Mark Houlahan
Tech Editor, Mustang Monthly
August 25, 2003

After spending three years in Factory Stock, infamous NMRA racer Uncle Robin Lawrence decided to climb the next rung of the class ladder and turn his seasoned Factory Stock red notch into a Real Street machine. It wasn't an easy decision for Robin. His years in Factory Stock were an education, but his combination was often a tick behind, keeping the F/S championship just beyond his reach. Factory Stock not only honed his earlier skills, but it also helped Robin learn new ones--enough so that he felt ready for more.

The Real Street class has become quite popular, and Editor Turner predicts there will be a full field running in one of the NMRA's events this season. While the class has grown beyond the scope of the original plan (give a racer a rule book and he'll work every angle), the original concept was something Robin liked right at the start, even though he wasn't able to immediately move into the class. With streetable combinations and off-the-shelf parts mandated by the rules, the Real Street class was something Robin could easily relate to from his years of street tuning and building projects for other people. He already feels at home in the class. And few people recall Robin once fielded a nine-second, turbocharged racer that would have fit in the old days of Outlaw.

Horse Sense: As do many racers, Robin was waiting on new parts and throwing his new car together just a week before the NMRA season opener at Bradenton Motorsports Park. When we saw him a few days before the event, he had yet to scale the car and was looking to rent the local eighth-mile track for some testing. He must be on to something with his new combination--at Bradenton he was the number-two qualifier in Real Street and finished runner-up.

While Real Street may not be Outlaw or Renegade, it does have a unique rule set that differs significantly from the Factory Stock program Robin was used to running. Tubular K-members, coilover suspension, power adders, slicks (instead of drag radials), and more horsepower and lower e.t.'s (so everything happens faster inside the car as well) meant Robin had to start from scratch. Using his Factory Stock red notch, he went to work converting suspension, brakes, and more to ready the chassis for a new Real Street-spec'd engine. We received a lot of good feedback from Robin's article on building a Factory Stock engine ("Taking Stock," Sept. '02, p. 157), so when he came to us inquiring about the same concept for his new Real Street engine, we gave the thumbs up for him to get to work.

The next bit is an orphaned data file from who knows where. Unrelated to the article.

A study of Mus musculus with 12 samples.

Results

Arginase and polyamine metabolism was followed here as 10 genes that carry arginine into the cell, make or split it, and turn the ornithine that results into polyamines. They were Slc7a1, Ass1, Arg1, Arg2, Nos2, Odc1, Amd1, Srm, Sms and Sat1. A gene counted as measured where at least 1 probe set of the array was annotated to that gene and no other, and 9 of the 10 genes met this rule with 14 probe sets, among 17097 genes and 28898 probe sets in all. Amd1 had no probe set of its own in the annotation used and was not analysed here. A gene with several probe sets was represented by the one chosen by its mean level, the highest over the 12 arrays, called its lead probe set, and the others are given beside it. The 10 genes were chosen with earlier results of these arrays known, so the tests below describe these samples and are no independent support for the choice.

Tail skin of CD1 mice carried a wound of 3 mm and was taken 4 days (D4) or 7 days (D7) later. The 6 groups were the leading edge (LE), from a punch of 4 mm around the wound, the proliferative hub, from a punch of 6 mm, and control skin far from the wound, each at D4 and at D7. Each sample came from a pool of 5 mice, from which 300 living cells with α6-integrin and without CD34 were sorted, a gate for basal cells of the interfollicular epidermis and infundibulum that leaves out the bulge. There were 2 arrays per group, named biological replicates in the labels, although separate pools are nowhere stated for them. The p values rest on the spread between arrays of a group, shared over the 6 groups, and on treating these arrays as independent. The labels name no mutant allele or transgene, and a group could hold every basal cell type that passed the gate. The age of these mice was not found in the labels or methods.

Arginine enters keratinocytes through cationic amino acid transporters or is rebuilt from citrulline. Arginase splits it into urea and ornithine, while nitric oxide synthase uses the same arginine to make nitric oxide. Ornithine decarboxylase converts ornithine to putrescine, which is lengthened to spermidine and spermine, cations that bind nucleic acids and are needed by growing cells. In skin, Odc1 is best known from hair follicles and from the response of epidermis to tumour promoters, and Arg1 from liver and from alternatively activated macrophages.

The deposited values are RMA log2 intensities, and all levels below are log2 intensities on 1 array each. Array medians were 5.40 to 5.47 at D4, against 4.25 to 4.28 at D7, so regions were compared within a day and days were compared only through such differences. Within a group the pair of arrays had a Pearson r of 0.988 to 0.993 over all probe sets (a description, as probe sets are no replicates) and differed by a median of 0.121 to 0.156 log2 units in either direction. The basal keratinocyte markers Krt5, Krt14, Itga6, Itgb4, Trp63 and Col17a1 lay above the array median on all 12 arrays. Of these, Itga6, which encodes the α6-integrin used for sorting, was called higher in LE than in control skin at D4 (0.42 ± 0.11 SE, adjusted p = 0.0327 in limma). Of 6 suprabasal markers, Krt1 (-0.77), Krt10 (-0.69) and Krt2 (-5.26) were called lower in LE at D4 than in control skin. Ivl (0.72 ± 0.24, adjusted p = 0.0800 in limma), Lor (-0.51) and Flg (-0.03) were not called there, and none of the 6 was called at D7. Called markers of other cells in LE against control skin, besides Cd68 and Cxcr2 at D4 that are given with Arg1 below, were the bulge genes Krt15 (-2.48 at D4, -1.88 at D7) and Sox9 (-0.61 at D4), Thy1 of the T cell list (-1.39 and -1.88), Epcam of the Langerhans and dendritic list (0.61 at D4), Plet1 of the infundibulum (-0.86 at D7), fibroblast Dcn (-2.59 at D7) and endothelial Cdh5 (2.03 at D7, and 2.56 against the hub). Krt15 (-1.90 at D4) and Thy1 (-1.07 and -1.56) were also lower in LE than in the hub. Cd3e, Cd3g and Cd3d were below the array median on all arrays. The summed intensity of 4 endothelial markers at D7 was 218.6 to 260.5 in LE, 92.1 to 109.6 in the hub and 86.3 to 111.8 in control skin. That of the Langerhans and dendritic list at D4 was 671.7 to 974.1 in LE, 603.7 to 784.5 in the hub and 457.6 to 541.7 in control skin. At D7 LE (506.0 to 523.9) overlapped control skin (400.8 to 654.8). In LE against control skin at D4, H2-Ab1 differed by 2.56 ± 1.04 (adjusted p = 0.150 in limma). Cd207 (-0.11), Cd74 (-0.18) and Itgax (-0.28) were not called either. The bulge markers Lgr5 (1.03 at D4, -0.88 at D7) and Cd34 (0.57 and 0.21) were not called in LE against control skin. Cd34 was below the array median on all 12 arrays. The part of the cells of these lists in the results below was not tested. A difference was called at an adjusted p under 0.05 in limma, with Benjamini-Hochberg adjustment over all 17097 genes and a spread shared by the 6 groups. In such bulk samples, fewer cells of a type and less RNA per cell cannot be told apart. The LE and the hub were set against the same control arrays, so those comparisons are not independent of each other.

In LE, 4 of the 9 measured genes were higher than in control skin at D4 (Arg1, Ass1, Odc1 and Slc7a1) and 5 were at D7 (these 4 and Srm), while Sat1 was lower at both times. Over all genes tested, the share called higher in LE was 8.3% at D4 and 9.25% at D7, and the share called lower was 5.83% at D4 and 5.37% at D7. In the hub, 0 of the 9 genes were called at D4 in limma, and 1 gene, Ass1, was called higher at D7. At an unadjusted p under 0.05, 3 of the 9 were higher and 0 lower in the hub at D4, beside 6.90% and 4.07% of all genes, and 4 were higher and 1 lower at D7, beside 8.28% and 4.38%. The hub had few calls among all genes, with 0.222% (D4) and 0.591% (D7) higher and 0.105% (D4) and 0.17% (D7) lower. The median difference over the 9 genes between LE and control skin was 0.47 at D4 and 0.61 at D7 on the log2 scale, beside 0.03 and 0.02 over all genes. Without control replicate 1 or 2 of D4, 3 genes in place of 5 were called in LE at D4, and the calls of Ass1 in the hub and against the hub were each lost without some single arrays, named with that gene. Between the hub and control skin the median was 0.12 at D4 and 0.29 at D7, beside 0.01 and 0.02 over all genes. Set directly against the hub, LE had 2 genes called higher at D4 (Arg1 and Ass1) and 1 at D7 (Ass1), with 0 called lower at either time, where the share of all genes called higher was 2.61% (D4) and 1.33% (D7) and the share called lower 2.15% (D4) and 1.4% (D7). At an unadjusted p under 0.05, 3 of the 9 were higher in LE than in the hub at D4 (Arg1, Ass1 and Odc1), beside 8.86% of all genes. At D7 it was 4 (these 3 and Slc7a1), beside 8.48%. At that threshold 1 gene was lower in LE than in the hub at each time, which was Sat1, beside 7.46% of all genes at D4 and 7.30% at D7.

The buildup of Robin's new engine for Real Street is in the following captions and sidebars. Unlike last year's Factory Stock engine, he actually had this one in the car for the Bradenton opener, just as he promised.

138_0308_18z Ford_mustang_coupe Right_front_view
One week before Robin leaves for Bradenton, the engine is shown hereafter it was moved from Don West's dyno facility to Craig Baldwin'sshop. The car is still wearing F/S front and rear suspension at thispoint, along with the factory K-member.
138_0308_01z Ford_mustang Block
One of the first decisions to be made on Robin's engine program was whatblock to run. The major players included the Ford Racing PerformanceParts R302, the FRPP Sportsman, a Dart Machinery block, and, of course,a stock 5.0 casting. The R302 and Dart products are heavier than thestock or Sportsman block. In all the stock-block failures Robin haswitnessed, the problem has been in the main webbing of the block. Thisled Robin to choose the Sportsman block. He believes that with itslighter weight than other aftermarket offerings, yet beefier main websthan a stock-block, it's adequate for Real Street power levels. Here,the Sportsman block is being machined. Robin has the Car Shop stick thepiston out of the hole in his R/S engine combo. FRPP doesn't leave muchmaterial to machine on the decks, so Robin advises watching the pinheight.
138_0308_02z Ford_mustang Crank_shaft
Robin chose to stay with a 4340 forged-steel crankshaft from ScatEnterprises as used in his Factory Stock program. Initially he will usethe standard (read: heavy) crankshaft. While many people have theircrankshafts lightened, with the Bradenton NMRA opener looming, Robincouldn't afford the time. He will install one of Scat's lightercrankshafts when they become available. For now, he has installed thestandard crank as-is after Car Shop balanced it.